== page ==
Home / Channel / Another US ‘swatter’ arrested after trio of calls

Another US ‘swatter’ arrested after trio of calls

Swatting, or the practice of calling emergency services with details of a phony high stakes crime with the hope of eliciting a scary and potentially dangerous response from local SWAT teams, has been a problem for years, with software used to obfuscate the original caller’s identity making it hard to track down those responsible. Sometimes though, the police do manage to find out who was behind it, and now after a triplet of fake calls back in January this year, a 13 year old has been picked up in Camarillo, California.

The boy, who has not been named due to his age, was reportedly responsible for three calls to different people earlier this year, one of whom was his teacher and another a gamer he’d met online. In each instance he used a program to hide his real phone number from the police and called, detailing a home invasion and a hostage situation. In each case, the local SWAT team was sent in, only discovering after evacuating houses and blocking off local streets, that the calls were fake.

Counter Terrorists win

When her son was arrested, the boy’s mother was said to be shocked at his actions, having no idea what he’d been up to. Detective Gene Martinez, one of the investigating officers, said that (via CamarilloAcorn): “Parents need to be cognizant of what their children are doing. In this situation, I’m told this juvenile came home from school, closed the door and was on his computer until the morning.”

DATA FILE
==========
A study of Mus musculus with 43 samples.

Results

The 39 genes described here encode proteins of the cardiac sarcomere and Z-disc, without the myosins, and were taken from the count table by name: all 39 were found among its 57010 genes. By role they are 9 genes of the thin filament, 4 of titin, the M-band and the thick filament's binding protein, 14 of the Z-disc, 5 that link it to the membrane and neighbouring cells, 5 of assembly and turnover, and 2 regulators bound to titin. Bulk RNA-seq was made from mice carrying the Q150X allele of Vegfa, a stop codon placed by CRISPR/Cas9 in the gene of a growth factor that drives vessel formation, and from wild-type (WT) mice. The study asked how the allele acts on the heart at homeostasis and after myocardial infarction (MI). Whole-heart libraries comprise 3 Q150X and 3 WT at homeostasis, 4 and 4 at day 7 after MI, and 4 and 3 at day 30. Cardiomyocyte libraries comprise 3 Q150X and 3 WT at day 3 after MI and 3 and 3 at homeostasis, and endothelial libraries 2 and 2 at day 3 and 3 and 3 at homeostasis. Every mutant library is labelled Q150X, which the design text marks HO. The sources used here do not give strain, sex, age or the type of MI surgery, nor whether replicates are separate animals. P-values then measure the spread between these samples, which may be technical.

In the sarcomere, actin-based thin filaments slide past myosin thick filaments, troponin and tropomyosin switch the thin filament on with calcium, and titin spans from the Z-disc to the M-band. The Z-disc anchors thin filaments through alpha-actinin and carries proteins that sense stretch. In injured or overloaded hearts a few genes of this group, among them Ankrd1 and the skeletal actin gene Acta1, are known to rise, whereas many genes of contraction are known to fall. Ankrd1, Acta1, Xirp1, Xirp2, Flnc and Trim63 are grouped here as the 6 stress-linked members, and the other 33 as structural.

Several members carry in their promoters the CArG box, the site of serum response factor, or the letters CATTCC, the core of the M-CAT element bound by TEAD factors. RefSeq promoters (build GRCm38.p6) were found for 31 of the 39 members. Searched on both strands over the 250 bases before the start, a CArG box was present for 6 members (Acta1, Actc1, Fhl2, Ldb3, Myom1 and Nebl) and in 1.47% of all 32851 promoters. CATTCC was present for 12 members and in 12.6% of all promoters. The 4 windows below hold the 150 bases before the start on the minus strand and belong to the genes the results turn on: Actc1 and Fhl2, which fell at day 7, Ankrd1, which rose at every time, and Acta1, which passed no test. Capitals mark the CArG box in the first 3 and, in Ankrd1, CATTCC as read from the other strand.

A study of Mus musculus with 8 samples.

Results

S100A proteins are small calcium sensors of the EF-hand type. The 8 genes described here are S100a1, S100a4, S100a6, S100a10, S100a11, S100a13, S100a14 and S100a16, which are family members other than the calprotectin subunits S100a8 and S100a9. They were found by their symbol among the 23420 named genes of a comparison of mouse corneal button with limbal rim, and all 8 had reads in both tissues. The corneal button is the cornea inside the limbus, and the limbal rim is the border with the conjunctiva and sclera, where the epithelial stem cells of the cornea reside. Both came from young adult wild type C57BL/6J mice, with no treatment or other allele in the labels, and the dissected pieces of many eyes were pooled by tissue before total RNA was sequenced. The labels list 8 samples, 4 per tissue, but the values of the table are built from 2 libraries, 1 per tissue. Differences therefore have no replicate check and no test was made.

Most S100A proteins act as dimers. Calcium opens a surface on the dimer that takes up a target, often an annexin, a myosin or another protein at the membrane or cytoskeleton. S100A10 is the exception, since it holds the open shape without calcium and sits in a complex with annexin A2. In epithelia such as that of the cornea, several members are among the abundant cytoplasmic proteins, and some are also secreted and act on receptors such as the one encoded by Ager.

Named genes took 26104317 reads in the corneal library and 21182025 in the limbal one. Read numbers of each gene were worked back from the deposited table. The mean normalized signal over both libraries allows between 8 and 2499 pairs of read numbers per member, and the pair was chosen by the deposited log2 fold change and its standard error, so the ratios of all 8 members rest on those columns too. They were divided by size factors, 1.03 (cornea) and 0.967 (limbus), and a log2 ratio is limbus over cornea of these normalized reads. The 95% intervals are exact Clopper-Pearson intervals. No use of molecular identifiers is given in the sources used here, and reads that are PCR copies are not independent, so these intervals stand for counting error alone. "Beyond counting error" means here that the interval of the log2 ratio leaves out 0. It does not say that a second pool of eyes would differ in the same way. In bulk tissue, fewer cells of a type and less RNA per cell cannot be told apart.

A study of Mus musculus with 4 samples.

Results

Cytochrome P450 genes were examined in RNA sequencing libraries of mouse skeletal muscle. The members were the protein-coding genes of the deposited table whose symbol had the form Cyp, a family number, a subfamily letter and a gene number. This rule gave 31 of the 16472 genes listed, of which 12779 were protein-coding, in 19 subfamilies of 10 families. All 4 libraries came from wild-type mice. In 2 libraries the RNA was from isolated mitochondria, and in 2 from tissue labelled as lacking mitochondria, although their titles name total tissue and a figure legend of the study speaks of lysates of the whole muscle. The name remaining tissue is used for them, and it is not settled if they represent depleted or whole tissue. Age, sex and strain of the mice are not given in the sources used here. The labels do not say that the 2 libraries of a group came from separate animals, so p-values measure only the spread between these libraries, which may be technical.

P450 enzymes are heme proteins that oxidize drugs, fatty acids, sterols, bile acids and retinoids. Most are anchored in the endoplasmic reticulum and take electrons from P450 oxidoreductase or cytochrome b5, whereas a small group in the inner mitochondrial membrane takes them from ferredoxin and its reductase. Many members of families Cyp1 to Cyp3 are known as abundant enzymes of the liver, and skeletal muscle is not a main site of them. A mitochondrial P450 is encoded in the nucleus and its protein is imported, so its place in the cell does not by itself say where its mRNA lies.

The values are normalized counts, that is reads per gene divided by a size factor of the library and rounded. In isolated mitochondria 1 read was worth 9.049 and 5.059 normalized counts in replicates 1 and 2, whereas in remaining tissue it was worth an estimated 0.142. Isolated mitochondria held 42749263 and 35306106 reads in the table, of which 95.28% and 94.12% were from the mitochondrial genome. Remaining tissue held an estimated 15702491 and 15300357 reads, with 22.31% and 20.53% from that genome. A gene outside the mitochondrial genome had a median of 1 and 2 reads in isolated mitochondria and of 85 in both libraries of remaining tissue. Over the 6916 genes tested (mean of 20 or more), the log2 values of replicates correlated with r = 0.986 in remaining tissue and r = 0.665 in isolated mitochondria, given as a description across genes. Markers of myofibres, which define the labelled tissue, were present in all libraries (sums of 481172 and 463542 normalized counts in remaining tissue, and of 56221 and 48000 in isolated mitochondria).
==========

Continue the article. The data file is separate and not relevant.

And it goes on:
Although the boy’s age will give him some protection from the law, he will likely receive some form of probationary sentence.

Discuss on our Facebook page, HERE.

KitGuru Says: Although a pretty heinous crime, it seems likely that this could have been avoided with a bit more parental supervision. 

Become a Patron!

Check Also

Intel 11th Gen. Tiger Lake – benchmarks!

Intel is deeply excited about their imminent 11th Gen. Tiger Lake mobile CPU which is due to go on sale at the end of September. We know this because Intel sent us a sample of Tiger Lake in an MSI laptop so we could take a good look for ourselves and also share the benchmark results with our KitGuru audience.